The Otago Daily Times Insight series ''Marked by the Cross'' has uncovered disturbing details about the Roman Catholic Church's handling of Dunedin priest Fr Magnus Murray.
Fr Murray was allowed to continue as a priest after his offending in Dunedin was revealed to Bishop John Kavanagh in 1972.
Fr Murray, who was convicted in 2003 of offences against four Dunedin boys between 1958 and 1972, was sent to Sydney for counselling when two Dunedin parents complained in 1972.
He quickly returned to public ministry while in Australia and was welcomed back into the fold as a parish priest in North Island centres from 1977 until retiring in 1990.
Fr Murray is just one of many priests worldwide accused or convicted of offences against mainly teenage boys. Pope Francis in June accepted the resignations of the bishop at the centre of Chile's clerical sex abuse scandal and two other priests, launching a purge of the Catholic Church in a country where it had been damaged by an avalanche of abuse and cover-up accusations.
Last month, a Catholic archbishop in Australia was given a maximum sentence of 12 months in detention for concealing child sexual abuse in the 1970s. Philip Wilson, now archbishop of Adelaide, is the most senior Catholic globally to be convicted of the crime.
Also in Australia, Cardinal George Pell was charged with historical sexual assault offences by Australian police in the state of Victoria. Cardinal Pell's legal representatives in Australia were served with the charges which relate to multiple complainants and offences alleged to have occurred in Victoria. Cardinal Pell, who has served as the Vatican's treasurer, has strenuously denied allegations.
The Catholic Church is not the only institution to attempt to cover up sexual abuse offences.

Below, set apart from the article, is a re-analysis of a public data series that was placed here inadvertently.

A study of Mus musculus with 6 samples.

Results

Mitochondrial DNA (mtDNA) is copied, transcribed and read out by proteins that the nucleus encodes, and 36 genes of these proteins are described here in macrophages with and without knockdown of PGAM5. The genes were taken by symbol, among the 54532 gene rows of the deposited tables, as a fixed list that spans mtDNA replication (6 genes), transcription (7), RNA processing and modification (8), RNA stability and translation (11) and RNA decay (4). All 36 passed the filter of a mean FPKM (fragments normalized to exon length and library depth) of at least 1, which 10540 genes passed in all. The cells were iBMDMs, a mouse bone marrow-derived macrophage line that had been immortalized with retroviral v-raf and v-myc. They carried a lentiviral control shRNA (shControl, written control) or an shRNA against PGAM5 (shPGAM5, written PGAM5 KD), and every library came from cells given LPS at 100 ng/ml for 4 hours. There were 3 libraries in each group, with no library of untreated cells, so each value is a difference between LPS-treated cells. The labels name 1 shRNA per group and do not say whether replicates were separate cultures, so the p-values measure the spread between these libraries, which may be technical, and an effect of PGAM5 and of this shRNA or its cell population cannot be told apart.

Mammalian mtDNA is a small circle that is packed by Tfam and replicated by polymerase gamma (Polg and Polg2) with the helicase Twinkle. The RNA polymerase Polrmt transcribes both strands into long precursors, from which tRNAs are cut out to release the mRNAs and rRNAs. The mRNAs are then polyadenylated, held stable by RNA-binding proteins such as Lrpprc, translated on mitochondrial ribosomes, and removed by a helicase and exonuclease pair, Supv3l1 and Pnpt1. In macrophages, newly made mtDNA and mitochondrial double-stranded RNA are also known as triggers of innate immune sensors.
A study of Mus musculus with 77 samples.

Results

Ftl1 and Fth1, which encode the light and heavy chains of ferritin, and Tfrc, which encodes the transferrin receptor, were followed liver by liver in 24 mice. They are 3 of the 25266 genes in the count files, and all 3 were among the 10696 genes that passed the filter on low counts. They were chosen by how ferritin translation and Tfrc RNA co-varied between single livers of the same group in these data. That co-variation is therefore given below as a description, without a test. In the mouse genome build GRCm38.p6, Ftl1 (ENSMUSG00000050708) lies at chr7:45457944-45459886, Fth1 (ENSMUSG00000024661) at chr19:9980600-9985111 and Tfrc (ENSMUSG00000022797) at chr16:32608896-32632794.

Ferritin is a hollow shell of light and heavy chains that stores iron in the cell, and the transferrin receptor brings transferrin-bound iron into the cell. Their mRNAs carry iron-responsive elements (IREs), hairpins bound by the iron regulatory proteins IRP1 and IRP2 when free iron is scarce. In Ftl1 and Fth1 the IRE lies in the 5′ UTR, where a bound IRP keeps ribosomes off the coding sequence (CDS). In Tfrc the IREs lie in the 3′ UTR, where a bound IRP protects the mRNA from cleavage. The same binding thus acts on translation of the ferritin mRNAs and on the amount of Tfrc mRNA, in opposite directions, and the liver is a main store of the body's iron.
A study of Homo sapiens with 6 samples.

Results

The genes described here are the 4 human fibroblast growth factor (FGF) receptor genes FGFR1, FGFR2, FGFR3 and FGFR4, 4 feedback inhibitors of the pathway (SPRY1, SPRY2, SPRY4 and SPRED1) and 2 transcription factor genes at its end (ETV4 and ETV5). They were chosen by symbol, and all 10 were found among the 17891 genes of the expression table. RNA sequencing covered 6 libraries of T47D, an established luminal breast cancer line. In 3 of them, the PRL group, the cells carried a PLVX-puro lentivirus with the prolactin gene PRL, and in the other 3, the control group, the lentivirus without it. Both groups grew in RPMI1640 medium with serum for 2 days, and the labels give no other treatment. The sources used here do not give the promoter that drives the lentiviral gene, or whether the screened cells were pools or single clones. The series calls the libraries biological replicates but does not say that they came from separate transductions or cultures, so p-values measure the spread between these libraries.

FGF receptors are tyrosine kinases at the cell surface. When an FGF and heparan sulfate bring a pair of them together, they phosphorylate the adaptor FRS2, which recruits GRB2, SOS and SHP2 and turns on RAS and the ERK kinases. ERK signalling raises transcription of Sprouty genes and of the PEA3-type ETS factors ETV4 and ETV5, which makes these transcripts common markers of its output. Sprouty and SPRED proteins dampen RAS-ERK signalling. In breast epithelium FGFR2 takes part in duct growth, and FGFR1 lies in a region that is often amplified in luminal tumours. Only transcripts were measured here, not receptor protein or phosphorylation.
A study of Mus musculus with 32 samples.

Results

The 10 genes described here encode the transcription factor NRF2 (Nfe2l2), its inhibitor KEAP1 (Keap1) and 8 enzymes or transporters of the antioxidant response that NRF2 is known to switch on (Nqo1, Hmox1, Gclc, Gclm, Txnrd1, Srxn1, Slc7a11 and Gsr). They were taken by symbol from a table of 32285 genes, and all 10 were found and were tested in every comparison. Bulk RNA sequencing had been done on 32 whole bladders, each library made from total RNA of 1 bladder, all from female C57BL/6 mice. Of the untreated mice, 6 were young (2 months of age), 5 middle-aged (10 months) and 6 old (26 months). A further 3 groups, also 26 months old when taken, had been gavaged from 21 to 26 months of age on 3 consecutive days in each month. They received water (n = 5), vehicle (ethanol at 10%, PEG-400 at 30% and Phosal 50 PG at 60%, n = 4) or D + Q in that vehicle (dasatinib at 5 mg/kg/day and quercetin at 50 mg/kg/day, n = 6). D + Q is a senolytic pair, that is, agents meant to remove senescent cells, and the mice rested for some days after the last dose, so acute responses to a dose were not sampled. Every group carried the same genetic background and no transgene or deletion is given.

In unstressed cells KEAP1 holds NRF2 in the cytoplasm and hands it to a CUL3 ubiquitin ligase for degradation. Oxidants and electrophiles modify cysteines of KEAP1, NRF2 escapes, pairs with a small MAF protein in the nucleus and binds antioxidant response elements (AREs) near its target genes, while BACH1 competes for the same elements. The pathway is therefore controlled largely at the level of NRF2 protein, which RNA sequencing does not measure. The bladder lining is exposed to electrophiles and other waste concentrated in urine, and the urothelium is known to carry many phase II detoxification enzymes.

Research shows Catholic clergy are not more likely to abuse children than other clergy or men in general. Almost all of clergy sexual abuse cases in the Catholic Church coming to light now were from offences carried out in the 1960s and 1970s. Incidents in the past 25 years are quite rare compared to incidents during the earlier decades.
In New Zealand, former Governor-General Sir Anand Satyanand is the chairman of the Royal Commission of Inquiry into Historical Abuse in State Care. The commission can come to its own independent conclusions and recommendations.
The legacy of people taken into state care who suffered neglect and abuse is a stain on our country's history.
A majority of people who have been in state care are Maori and also Pasifika. While some people received a better education and start in life, regrettably many did not and suffered abuse and neglect.
Sir Anand says there is an obligation to make a better future for all New Zealanders, working together to ensure the mistakes of the past are not repeated.
For many survivors, it is too late. It is possible their first sexual experience came as a result of sexual abuse. As a result, intimacy as an adult may be hard to attain. Survivors may struggle to set boundaries to help them feel safe in relationships.
Many adult survivors may live with painful memories all of their life and yet, institutions like the Catholic Church and state organisations, continue to cover up for the perpetrators.
The inquiry led by Sir Anand is an important step for New Zealand. Although it will likely awake the painful past for those affected, the time has arrived to deal with the consequences of sexual abuse.